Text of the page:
Published February 15, 2013
As a conflict resolution specialist with 20 years of experience facilitating peaceful talks between warring parties in the Middle East, Cuba, Sri Lanka, Colombia, and Northern Ireland, you’re probably surprised to hear that I think respect is overrated.
Whenever I convene dialogues between communities in conflict, no matter where in the world I am, I hear a common plea: We demand respect. The cries always seem to fall on deaf ears.
Why is this a common lament and why does it not elicit a more compassionate reaction from the other side?
One day, while facilitating a discussion in the Middle East, it all made sense to me. I realized that the reason people become stuck in conflict is that both sides suffer unaddressed injuries to their dignity. It became clear to me that the dignity violations—the highly charged emotional experiences of being treated badly—are obstacles to peace. While people were “demanding respect,” what they were actually seeking is to be treated like a human being of value and worth. They wanted to be treated with dignity.
Dignity is different from respect. Dignity is something we are all born with by virtue of being human. We come into the world with both inherent value and inherent vulnerability. It is easy to accept this when we see a newborn baby. We look at it and see its preciousness; it is obvious that it has natural worth. In fact, we see that it is not only valuable but invaluable—priceless and irreplaceable. At the same time, we also see how vulnerable babies are and how much they need our care and attention.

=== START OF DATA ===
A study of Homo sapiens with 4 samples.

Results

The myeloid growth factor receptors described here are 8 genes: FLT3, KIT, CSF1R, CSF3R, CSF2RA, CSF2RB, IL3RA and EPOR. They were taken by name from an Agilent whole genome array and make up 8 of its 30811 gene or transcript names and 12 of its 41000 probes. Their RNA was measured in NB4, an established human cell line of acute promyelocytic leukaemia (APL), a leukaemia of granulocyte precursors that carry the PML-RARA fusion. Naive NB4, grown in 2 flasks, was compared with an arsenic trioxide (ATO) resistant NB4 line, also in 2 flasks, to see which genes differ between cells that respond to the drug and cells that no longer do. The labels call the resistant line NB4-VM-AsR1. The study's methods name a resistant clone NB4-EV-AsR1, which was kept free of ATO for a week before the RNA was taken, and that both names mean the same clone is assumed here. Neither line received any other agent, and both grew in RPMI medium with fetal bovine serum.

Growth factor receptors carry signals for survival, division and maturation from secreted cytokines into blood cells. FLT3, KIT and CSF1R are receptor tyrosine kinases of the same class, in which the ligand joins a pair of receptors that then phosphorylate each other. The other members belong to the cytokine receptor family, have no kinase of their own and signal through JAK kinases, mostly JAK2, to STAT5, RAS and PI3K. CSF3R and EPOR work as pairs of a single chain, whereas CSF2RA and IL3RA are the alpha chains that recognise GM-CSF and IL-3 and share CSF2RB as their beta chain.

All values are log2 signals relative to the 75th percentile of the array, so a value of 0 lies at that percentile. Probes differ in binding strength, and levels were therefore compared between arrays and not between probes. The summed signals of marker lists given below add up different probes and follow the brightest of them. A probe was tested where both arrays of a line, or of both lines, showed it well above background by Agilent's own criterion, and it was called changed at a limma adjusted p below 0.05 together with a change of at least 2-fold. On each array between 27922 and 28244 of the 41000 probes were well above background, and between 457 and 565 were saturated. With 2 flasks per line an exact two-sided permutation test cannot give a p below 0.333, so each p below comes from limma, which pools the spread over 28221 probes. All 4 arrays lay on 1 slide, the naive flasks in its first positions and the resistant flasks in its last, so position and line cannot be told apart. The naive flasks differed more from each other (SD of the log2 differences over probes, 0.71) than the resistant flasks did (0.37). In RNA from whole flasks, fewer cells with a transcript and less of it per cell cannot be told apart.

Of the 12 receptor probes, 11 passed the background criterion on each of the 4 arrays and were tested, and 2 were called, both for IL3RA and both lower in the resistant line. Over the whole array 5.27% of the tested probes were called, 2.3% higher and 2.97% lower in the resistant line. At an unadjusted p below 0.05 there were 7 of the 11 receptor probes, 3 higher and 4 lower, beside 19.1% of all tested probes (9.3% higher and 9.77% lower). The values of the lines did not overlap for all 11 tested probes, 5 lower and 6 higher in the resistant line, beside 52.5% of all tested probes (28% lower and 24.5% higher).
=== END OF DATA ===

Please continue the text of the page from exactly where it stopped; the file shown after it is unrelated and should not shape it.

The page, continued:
Yet, as we grow older, we often lose sight of each other’s value and significance. We treat one another as if we don’t matter, and it creates problems in relationships. Awareness of our birthright is lost, enabling us to justify treating each other in hurtful ways.
Respect, on the other hand, is not a birthright. Respect is earned. It cannot be “demanded” because it is an honor we willingly give, and we receive it from others when we do something out of the ordinary.
When Nelson Mandela announced, after 27 years of being held as a political prisoner by the apartheid regime in South Africa, that he had no anger toward his captors, his strength and graciousness earned him respect.
When I see the courage displayed by the young men and women in uniform who put their lives on the line for our freedom and safety, I am filled with awe.
When I respect people, I say to myself, “I admire them. I want to be like them. They are an example of how I want to live my life.”
When I say respect is overrated, I mean to take nothing away from the amazing accomplishments of the people who have earned this distinction. Their actions speak for themselves and, if anything, they do not receive enough credit for what they do. But while “respect” can come and go based on an individual’s behavior, it is entirely created by the perception of people around them.
A person I respect may be largely ignored by the rest of the population, and vice versa. A person respected in one culture may be despised by another. We are able to subjectively debate who deserves respect.
In this light, dignity is the baseline for all human interaction. It universally and inherently applies to all people, regardless of who they are or what they do. Just by being alive, we deserve to be treated as something of value.
If we do something wrong, we need to be held accountable. But we also need to make the distinction between our personhood, which deserves to be treated with dignity, and our behaviors, which are open to judgment.
At the core of the human identity, we all desire the same thing: to be treated as if we matter. It is as natural as waking up in the morning. We need to be recognized, acknowledged, heard, seen, and listened to.
We need to feel safe, be treated fairly, and be understood—these are all essential elements of dignity. You don’t have to travel around the world to hear the yearning for dignity. You can hear it everywhere human beings come in contact with one another—in our families, schools, communities, and in the workplace. That cry is our highest common denominator.